Xavier HEILIGENSTEIN

Institut Curie (Paris)

Xavier HEILIGENSTEIN

Institut Curie (Paris)

Résumé

Live CLEM, toward fast and automated multi-scale imaging of membrane exocytotic/recycling processes

Xavier Heiligenstein1,2,*, Martin Belle3,*, Perrine Paul-Gilloteaux1,2,4, Frédéric Eyraud3, Jérôme Heiligenstein3, , Graça Raposo1,2, Jean Salamero1,2

1Cell and Tissue Imaging Facility CNRS Institut Curie, PSL Research University, F-75248 Paris, France
2CNRS UMR 144, Paris, France
3CryoCapCell, Paris, France
4SFR Santé F Bonamy Nantes CNRS INSERM, Université de Nantes, F-44000 Nantes, France
*authors contributed equally to this work

Organelle and compartment dynamics are largely studied through imaging techniques. Primarily described by electron microscopy (EM) approaches, successive revolutions in light microscopy (LM) have brought dynamic information to the structure understanding of cell compartmentation. Often used in parallel, light and electron microscopy should now be directly correlated, gaining maximum benefit from the so-called “Correlative Light and Electron Microscopy (CLEM) approaches”.

CLEM allow linking molecular function to ultrastructure. Although no longer considered as an emerging methodology, technological developments are required to turn the method into routine. From sample preparation to image registration, several gaps remain before it turns into a beginner’s approach.

For optimal sample preparation at electron microscopy level, vitrification is to date considered the best approach (over chemical fixation). We developed a workflow around our own sample support: the CryoCapsule [1], Figure 1.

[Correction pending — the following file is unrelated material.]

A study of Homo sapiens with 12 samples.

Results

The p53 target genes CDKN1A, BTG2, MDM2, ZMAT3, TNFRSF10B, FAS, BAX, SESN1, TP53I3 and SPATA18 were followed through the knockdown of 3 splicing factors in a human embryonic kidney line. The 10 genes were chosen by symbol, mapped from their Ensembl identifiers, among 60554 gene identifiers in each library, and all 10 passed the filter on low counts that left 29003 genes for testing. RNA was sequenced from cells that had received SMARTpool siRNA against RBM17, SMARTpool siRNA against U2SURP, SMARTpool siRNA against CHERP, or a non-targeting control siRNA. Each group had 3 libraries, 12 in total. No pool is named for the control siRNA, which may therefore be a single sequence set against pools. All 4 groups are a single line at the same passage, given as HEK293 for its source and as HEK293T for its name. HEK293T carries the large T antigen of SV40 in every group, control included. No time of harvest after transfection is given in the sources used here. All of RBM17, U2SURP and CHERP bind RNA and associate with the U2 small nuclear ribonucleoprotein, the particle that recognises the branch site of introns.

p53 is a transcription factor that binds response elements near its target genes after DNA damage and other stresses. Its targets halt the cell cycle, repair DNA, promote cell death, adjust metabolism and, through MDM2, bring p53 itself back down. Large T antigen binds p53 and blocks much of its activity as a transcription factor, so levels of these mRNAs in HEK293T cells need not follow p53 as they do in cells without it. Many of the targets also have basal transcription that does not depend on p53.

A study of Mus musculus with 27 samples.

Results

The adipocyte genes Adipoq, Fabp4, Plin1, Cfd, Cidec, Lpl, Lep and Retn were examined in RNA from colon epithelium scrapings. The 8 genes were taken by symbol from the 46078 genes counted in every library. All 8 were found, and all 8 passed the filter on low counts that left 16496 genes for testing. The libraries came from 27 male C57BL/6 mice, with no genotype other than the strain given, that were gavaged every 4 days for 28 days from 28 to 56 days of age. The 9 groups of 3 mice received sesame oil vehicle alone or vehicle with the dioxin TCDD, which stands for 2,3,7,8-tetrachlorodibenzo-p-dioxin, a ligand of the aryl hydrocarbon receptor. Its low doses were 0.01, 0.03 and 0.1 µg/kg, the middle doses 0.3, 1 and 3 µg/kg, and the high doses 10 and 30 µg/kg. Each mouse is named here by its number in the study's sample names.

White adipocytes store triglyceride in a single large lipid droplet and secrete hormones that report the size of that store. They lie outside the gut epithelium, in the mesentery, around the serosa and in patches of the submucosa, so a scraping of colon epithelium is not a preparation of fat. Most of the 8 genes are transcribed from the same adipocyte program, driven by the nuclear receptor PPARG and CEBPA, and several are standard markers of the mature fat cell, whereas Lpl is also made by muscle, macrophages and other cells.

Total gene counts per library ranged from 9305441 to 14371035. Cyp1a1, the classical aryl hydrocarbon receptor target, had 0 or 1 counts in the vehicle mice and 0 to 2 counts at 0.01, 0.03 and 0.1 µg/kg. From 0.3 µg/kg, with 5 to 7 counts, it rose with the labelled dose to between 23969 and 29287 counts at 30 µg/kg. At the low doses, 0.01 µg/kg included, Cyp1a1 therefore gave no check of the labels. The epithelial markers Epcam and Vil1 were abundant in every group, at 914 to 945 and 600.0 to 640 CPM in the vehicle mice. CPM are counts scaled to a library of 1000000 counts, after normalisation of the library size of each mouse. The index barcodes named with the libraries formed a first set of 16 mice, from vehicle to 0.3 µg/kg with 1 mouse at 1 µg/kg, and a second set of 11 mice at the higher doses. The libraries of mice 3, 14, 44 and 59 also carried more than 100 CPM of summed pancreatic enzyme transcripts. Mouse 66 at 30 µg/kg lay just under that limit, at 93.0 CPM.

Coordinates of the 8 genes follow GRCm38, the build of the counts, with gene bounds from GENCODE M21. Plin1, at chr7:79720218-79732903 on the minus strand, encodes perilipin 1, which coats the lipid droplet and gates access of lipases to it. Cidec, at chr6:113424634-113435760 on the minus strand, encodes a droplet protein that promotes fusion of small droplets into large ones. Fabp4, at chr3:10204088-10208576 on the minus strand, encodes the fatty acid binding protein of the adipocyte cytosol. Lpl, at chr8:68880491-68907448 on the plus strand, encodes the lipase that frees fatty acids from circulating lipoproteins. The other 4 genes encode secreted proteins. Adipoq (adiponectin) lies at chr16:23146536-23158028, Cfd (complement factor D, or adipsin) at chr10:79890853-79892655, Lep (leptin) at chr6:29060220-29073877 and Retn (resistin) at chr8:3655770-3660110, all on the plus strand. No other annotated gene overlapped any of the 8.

Taking advantage of this miniaturized petri dish, we designed a vitrification machine, physically linked to a light microscope to vitrify a specimen in less than 2 seconds: The HPM Live µ (Figure 1).

In combination with our image registration software eC-CLEM [2], we can achieve high spatio-temporal resolution in CLEM approaches for cell biology.

We use this comprehensive approach to address cell compartment ultrastructure in relation to their dynamics.

 

References:
[1] X. Heiligenstein, J. Heiligenstein, C. Delevoye, I. Hurbain, S. Bardin, P. Paul-Gilloteaux, L. Sengmanivong, G. Régnier, J. Salamero, C. Antony, and G. Raposo, “The CryoCapsule: Simplifying Correlative Light to Electron Microscopy.,” Traffic, vol. 15, no. 6, pp. 700–16, Jun. 2014.
[2] X. Heiligenstein, P. Paul-Gilloteaux, M. Belle, M.-C. Domart, B. Larijani, L. Collinson, G. Raposo, and J. Salamero, “eC-CLEM: flexible multidimensional registration software for correlative microscopies,” Nat. Methods, vol. 14, no. 2, pp. 102–103, 2017.
[3] The authors thank the France-BioImaging infrastructure supported by the French National Research Agency (ANR-10-INSB-04, “Investments for the future”). X.H. was funded by the Labex grant No. ANR-10-LBX-0038 part of the IDEX Idex PSL No. ANR-10-IDEX-0001-02 PSL. We acknowledge the FRM grant No. DEQ20140329491. MB, FE and JH are members of the CryoCapCell company.

 

figure_salamero

Figure 1. HPM live µ: A new generation of High Pressure Freezer, associated to a light microscope. The sample is loaded in the CryoCapsule before the experiment. The CryoCapsule is then loaded on top of the microscope objective where live cell imaging is performed. When commanded by the user, the sample transfers automatically for vitrification in the HPM Live µ. Following image registration between LM and EM is done using eC-CLEM.